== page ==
In a recent blog post, we pointed out that while most core services have seen significant cuts in recent years, transportation has been spared. At a time when many state agencies were absorbing funding cuts of more than 20 percent, spending on roads and bridges has more than tripled.
In response to our blog post, The Oklahoman published an op-ed to defend the additional spending on transportation. They wrote:
Yes, the amount of additional state funding directed to the repair and upkeep of roads and bridges in recent years has been significant. But it has needed to be significant because during the 20 years before things began to change, the Legislature wrote the same size check to ODOT every year — translating to a 45 percent reduction after inflation.
In a fitting coincidence, the 45 percent decline in transportation spending is the exact percentage that the value of the gas tax has dropped since it was last increased in 1987. Oklahoma taxes gasoline at a constant 17 cents/gallon and diesel at 15 cents/gallon. Therefore the real value of the gas tax declines with inflation.
Both The Oklahoman and our earlier post pointed out that an increase in the gas tax was rejected in 2005 by a large majority of voters. At the time, Oklahomans were clearly not willing to pay more taxes for road maintenance and construction. Yet since 2005, we’ve dramatically increased transportation spending anyway and committed ourselves to increased of several hundred million dollars more in the years ahead. Are those same voters today willing to give less to education and other core services in order to spend more on roads? We don’t know, because no one has asked.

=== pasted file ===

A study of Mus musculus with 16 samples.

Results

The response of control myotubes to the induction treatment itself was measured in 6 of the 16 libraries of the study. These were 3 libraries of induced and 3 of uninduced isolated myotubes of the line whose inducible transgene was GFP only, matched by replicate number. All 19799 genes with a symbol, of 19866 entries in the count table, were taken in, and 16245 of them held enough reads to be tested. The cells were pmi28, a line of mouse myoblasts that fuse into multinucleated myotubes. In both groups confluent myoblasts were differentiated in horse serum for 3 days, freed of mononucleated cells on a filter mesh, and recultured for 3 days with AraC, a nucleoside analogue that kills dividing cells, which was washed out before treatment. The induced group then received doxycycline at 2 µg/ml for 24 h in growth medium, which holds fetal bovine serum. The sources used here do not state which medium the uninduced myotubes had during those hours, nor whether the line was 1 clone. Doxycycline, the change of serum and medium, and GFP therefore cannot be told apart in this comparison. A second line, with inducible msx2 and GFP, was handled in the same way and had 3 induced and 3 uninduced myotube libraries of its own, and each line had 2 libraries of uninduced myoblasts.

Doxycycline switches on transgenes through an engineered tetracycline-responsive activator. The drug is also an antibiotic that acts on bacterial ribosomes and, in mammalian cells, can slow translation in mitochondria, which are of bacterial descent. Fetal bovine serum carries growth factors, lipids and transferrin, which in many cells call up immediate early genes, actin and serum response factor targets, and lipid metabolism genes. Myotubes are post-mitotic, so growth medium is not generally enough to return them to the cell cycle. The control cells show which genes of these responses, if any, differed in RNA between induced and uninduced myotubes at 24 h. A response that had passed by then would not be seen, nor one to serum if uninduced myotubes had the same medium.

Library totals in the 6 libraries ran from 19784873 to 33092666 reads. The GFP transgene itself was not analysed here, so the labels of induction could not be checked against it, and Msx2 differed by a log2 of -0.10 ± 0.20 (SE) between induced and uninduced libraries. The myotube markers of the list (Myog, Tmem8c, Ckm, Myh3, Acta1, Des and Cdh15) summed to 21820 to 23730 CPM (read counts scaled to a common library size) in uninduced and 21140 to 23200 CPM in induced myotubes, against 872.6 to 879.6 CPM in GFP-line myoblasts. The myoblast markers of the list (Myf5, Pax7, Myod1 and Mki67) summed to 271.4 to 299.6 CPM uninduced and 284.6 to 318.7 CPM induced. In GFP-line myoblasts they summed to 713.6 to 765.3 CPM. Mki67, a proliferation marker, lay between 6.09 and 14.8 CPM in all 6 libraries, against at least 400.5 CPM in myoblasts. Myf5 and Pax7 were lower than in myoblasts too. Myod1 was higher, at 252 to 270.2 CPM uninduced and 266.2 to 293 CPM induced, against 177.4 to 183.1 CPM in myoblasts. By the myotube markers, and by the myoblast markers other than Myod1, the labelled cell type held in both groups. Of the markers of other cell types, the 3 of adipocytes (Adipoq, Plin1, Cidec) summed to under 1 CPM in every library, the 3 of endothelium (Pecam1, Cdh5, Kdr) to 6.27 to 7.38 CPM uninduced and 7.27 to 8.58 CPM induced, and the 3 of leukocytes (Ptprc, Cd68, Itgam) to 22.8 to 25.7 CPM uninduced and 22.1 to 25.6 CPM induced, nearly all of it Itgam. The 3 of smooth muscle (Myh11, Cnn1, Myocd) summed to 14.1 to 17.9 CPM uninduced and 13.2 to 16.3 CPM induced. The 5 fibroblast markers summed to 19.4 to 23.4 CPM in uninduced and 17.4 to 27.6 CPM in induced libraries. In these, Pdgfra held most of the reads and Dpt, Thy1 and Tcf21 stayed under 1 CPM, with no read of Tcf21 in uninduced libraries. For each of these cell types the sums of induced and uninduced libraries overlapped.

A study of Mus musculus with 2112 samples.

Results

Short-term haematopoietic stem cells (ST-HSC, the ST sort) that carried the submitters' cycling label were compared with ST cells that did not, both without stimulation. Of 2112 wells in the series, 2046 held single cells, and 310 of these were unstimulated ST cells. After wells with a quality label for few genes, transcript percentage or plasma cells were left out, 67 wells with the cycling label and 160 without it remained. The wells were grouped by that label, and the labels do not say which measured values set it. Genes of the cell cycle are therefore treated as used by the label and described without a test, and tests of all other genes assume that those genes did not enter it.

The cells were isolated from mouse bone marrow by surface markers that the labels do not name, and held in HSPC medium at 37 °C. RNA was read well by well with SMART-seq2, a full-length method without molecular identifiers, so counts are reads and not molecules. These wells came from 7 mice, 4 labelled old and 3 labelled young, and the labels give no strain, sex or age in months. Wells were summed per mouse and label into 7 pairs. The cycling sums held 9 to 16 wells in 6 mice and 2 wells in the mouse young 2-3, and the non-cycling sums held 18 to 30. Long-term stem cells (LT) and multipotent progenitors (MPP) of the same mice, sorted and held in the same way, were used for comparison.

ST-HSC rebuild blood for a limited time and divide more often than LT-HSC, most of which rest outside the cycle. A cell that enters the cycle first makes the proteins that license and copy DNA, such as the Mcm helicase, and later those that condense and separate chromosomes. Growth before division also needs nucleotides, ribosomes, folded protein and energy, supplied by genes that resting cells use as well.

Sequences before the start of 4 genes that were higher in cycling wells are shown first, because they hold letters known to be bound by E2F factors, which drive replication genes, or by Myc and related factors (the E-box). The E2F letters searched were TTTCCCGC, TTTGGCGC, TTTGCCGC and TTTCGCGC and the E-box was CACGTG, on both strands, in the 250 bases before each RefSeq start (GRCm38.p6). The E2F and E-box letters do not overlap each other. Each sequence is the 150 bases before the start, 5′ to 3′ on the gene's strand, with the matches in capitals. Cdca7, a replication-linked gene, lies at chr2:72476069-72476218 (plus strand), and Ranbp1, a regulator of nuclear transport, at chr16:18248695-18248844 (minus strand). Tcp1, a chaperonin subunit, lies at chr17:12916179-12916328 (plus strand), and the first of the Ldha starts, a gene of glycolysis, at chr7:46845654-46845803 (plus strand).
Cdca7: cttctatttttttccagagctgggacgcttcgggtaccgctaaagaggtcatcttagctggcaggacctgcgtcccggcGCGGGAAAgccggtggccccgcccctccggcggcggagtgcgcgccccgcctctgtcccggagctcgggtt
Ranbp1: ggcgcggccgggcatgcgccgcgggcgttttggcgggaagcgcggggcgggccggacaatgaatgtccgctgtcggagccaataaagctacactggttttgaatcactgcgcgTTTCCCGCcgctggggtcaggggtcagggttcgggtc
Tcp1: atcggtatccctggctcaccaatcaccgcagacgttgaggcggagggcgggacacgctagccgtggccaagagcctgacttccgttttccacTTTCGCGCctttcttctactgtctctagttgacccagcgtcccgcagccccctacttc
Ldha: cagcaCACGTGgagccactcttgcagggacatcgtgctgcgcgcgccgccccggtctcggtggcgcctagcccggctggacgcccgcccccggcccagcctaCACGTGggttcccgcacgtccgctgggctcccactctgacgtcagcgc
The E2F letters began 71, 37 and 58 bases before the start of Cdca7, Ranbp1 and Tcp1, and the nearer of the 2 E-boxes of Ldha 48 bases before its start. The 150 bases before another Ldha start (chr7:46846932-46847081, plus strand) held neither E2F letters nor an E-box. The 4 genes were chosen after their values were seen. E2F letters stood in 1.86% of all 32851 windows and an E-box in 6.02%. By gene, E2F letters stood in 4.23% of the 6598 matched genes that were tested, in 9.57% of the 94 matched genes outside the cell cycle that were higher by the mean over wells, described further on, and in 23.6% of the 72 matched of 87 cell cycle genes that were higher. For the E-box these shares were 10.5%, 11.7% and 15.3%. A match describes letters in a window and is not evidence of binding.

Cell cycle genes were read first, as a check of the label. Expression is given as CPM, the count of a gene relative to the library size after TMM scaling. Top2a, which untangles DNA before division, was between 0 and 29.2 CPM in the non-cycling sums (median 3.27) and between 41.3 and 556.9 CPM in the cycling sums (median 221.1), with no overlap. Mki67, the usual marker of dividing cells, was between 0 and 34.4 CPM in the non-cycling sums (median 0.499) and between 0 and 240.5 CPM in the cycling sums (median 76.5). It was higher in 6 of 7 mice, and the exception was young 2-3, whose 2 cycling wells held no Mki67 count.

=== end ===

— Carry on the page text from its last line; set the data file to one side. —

When Gov. Fallin announced her plan to boost transportation spending last year, she emphasized that it would be done without any increases in taxes or tolls. Her spokesperson said that the plan “does not reflect a lack of commitment to other areas of government.” Yet by definition, spending more on roads without bringing in new revenue means there will be less for all other public services. Much like with the tax cut debate, there is no free lunch.
The problem could be avoided if Oklahoma adopts pay-as-you-go budgeting, which requires lawmakers to identify ahead of time how they will pay for any new spending or tax cuts. In the end, perhaps Oklahomans would agree with the decision to shift resources to transportation. Either way, we deserve a more honest discussion of the trade-offs involved.